Author: SearchMyLocal | Last Updated: 12 Mar 2022
When doing home improvement work, aside from reinforcing structural things around the home, you might also want to spruce up the property by adding some more decorative elements. One way to do this is by adding cornices to the walls inside the home. Many DIYers are daunted by the idea of cutting it, but there’s nothing to fear! Cutting cornice just requires careful planning, the right tools, and a lot of confidence! With our simple tips below, you’ll be able to cut cornice like a pro in no time.
Cornice is a type of moulding that is typically decorative. It’s the ceiling counterpart of a skirting board; skirting boards are between the floor and the wall, while cornices are between the wall and the ceiling. While they are really more for design and aesthetics, cornices can also help mask uneven wall and ceiling junctions, giving the room a cleaner and more polished feel. They can also be a great way to add accents or to tone down a room’s colour palette, depending on their design. They can bring a traditional or modern feel to the room and be as avant-garde or as inconspicuous as desired.
Cornices can be made from various materials, each with its own pros and cons. Choosing your cornice material is very important because it will have an impact on its installation, as you will see below. There are three main materials that cornices are made of:
Polystyrene is a type of synthetic resin that is very lightweight compared to the other cornice materials available. It is best for small, low-profile cornices since these usually come in plain, straightforward designs. One thing to note about polystyrene cornices is that they are very absorbent, so you will need to use more coats of paint to get the desired finish and tone that you want. Polystyrene is also very delicate and soft, so it must be installed with great care.
Plaster is the traditional material for cornices, and is one of the more expensive options. The ornate cornices you see in traditional homes, mansions, or cultural locations are usually made from plaster because it is more versatile in design, moudling, and patterns. Plaster cornices give an authentic feel to a property, transporting you back in time to the gilded age. However, plaster cornices are heavy and run the risk of breaking during installation due to the nature of the material, so it’s best left to the professionals.
Hardened polyurethane—or simply, polyurethane—is a plastic or foam that has become very popular as a cornice material. It can be shaped to look like carvings and mouldings of a plaster cornice, but has the lightness of polystyrene. It is also more durable than polystyrene (both for handling and in the long run), which makes it easy to install for DIY projects. With the aesthetic of plaster, and “improved” qualities over polystyrene, polyurethane cornices are quickly becoming the standard for most home improvement projects.
Once you’ve bought your cornice planks, you’ll need to cut them to size so that they can be installed correctly in your room. It may take a bit of practice, but with the right tools and patience, it’s possible!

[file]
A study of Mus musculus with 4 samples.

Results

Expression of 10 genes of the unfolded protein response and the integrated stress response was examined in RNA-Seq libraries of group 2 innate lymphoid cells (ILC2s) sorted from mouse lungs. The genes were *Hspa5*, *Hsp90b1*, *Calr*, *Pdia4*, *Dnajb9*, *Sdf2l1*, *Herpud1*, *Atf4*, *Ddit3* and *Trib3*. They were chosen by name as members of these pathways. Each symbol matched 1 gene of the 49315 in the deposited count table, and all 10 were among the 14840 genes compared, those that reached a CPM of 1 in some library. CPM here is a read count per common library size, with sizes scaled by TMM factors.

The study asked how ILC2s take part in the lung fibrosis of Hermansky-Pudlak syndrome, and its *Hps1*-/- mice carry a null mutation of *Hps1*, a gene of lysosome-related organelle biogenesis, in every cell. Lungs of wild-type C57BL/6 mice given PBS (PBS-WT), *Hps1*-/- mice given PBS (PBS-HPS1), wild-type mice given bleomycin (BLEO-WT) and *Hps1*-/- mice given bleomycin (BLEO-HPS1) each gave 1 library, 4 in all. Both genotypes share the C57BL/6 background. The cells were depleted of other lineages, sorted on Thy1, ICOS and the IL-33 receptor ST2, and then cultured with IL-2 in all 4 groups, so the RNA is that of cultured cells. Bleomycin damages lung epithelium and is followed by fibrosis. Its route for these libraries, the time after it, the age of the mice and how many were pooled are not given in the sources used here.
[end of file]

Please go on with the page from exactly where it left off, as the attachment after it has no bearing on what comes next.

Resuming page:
Some basic things you will need are:
Before cutting the cornice, prep the wall and ceiling area where you will be installing it. Wipe it down with a slightly damp sponge, and scrub with a detergent if necessary to remove oil, dust, or leftover adhesive from previous installations.
Measure the area where you plan to install the cornice. Take note of the width of the area you will need to cover since this measurement also has to be transferred to the cornice material itself. Ensure your pieces are long enough to be joined together along the length of the wall.
Once you have the measurements for the wall, measure your cornice pieces, ensuring that you mark where the angles and corners will occur once installed. While some cornice pieces from certain brands can come with pre-formed corners, if you prefer to cut them yourself or there are unusual forms around your room, you can easily do it yourself.
Cutting the lengths of the cornice is straightforward with a circular saw or even a handsaw. Cutting cornice corners is the most difficult part of the installation. Whether you cut with a circular saw or a hand saw, use a mitre box to help you keep the piece safely in place. The ceiling and wall edge of the cornice piece should sit flat against the bottom and top side of the mitre box to allow for the most secure hold as you saw. Since you will be cutting at angles, it’s important to double-check your measurements and ensure you will be cutting the appropriate lengths that will fit into one another once installed.
After cutting the cornice pieces, sand them to ensure that the cut edge is smooth and does not have any snags or coarse spots. Sanding also ensures corner pieces will fit together snugly, without any overlaps—be careful not to sand off too much that you shorten the piece, which will create an unsightly gap when installed.
Polyurethane cornices can be easily installed on the wall using an adhesive. Commercially-available adhesives are the easiest and most convenient choice for this. Use the adhesive sparingly and ensure that you apply it to both the ceiling and wall parts of the cornice pieces. Press them firmly into position, hold with some part-driven nails, and then remove them once the adhesive is set. There you have it—a newly-installed cornice to liven up your renovation project!